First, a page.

East Asia's Other Miracle: Explaining the Decline of Mass Atrocities
East Asia, until recently a boiling pot of massacre and blood-letting, has achieved relative peace. A region that at the height of the Cold War had accounted for around eighty percent of the world's mass atrocities has experienced such a decline in violence that by 2015 it accounted for less than five percent.
This book explains East Asia's 'other' miracle and asks whether it is merely a temporary blip in the historical cycle or the dawning of a new, and more peaceful, era. It argues that the decline of mass atrocities in East Asia resulted from four interconnected factors. Although the region faces several significant future challenges, this book argues that the much reduced incidence of mass atrocities in East Asia is likely to be sustained into the foreseeable future.
The Responsibility to Protect: A Defense
The Responsibility to Protect (R2P) principle is the international community's major response to the problem of genocide and mass atrocities - a problem seen in Bosnia, Rwanda and more recently in Syria. This book argues that although it is far from perfect R2P offers the best chance we have of building an international community that works to prevent these crimes and protect vulnerable populations. To make this argument, the book sets out the logic of R2P and its key ambitions, examines some of the critiques of the principle and its implementation in situations such as Libya, and sets out ways of overcoming some of the practical problems associated with moving this principle from words into deeds.
Massacres & Morality: Mass Atrocities in an Age of Civilian Immunity
Most cultural and legal codes agree that the intentional killing of civilians, whether in peacetime or war, is prohibited. Yet the deliberate killing of large numbers of civilians remains a persistent feature of global political life. What is more, the perpetrators have often avoided criticism and punishment. Examining dozens of episodes of mass killing perpetrated by states since the French Revolution, this book explains the paradox. It argues that although the world has made impressive progress in legislating against the intentional killing of civilians and in constructing institutions to give meaning to that prohibition, the ascendancy of civilian immunity is both more recent and more fragile than we might think.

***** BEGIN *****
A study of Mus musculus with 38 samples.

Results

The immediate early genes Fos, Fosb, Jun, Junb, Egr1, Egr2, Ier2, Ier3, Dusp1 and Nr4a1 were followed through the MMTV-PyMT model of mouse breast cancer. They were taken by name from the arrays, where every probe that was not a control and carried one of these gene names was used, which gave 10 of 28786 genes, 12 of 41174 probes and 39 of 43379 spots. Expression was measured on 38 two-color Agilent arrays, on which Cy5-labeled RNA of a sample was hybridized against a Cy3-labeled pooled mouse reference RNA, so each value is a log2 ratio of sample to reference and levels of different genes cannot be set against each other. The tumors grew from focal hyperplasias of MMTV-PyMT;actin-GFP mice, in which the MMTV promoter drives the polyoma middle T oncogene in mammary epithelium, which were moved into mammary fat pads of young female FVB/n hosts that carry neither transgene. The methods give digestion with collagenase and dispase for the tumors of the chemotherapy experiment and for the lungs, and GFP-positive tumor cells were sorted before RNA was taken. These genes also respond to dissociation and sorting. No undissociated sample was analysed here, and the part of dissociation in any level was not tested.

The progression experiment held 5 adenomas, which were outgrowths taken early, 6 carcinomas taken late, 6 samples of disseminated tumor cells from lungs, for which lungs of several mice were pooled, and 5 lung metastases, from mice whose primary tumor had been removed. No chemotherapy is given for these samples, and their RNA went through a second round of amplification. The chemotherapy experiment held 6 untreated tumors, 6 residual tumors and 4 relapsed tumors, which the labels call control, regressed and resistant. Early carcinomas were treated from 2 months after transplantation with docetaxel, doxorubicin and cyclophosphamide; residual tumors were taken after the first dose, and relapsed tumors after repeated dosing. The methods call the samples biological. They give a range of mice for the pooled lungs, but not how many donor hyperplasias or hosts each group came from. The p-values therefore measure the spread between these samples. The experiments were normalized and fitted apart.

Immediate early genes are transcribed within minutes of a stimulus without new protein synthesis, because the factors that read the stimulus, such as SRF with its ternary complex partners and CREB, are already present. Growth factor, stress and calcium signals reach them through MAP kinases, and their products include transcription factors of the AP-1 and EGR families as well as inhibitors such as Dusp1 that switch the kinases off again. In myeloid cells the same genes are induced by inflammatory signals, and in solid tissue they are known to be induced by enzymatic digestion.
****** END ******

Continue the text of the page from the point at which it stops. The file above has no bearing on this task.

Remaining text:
(with Paul D. Williams)
Peace operations are a principal tool for managing armed conflict and building world peace. Understanding Peacekeeping provides a comprehensive and up-to-date introduction to the theory, practice and politics of contemporary peace operations.
Drawing on more than twenty-five historical and contemporary case studies, this book evaluates the changing characteristic of peacekeeping.
Responsiblity to Protect
At the 2005 UN World Summit, world leaders endorsed the international principle of Responsibility to Protect (R2P), acknowledging that they had a responsibility to protect populations from genocide and mass atrocities.
This book charts the emergence of this principle and what that acknowledgment actually means. It argues that although 2005 marked an important watershed, much more work is needed to translate the principle ‘from words into deeds’.
In what circumstances is it legitimate to use force? How should force be used? These are two of the most crucial questions confronting world politics today.
The Just War tradition provides a set of criteria which political leaders and soldiers use to defend and rationalize war. This book explores the evolution of thinking about just wars and examines its role in shaping contemporary debates about the use of force.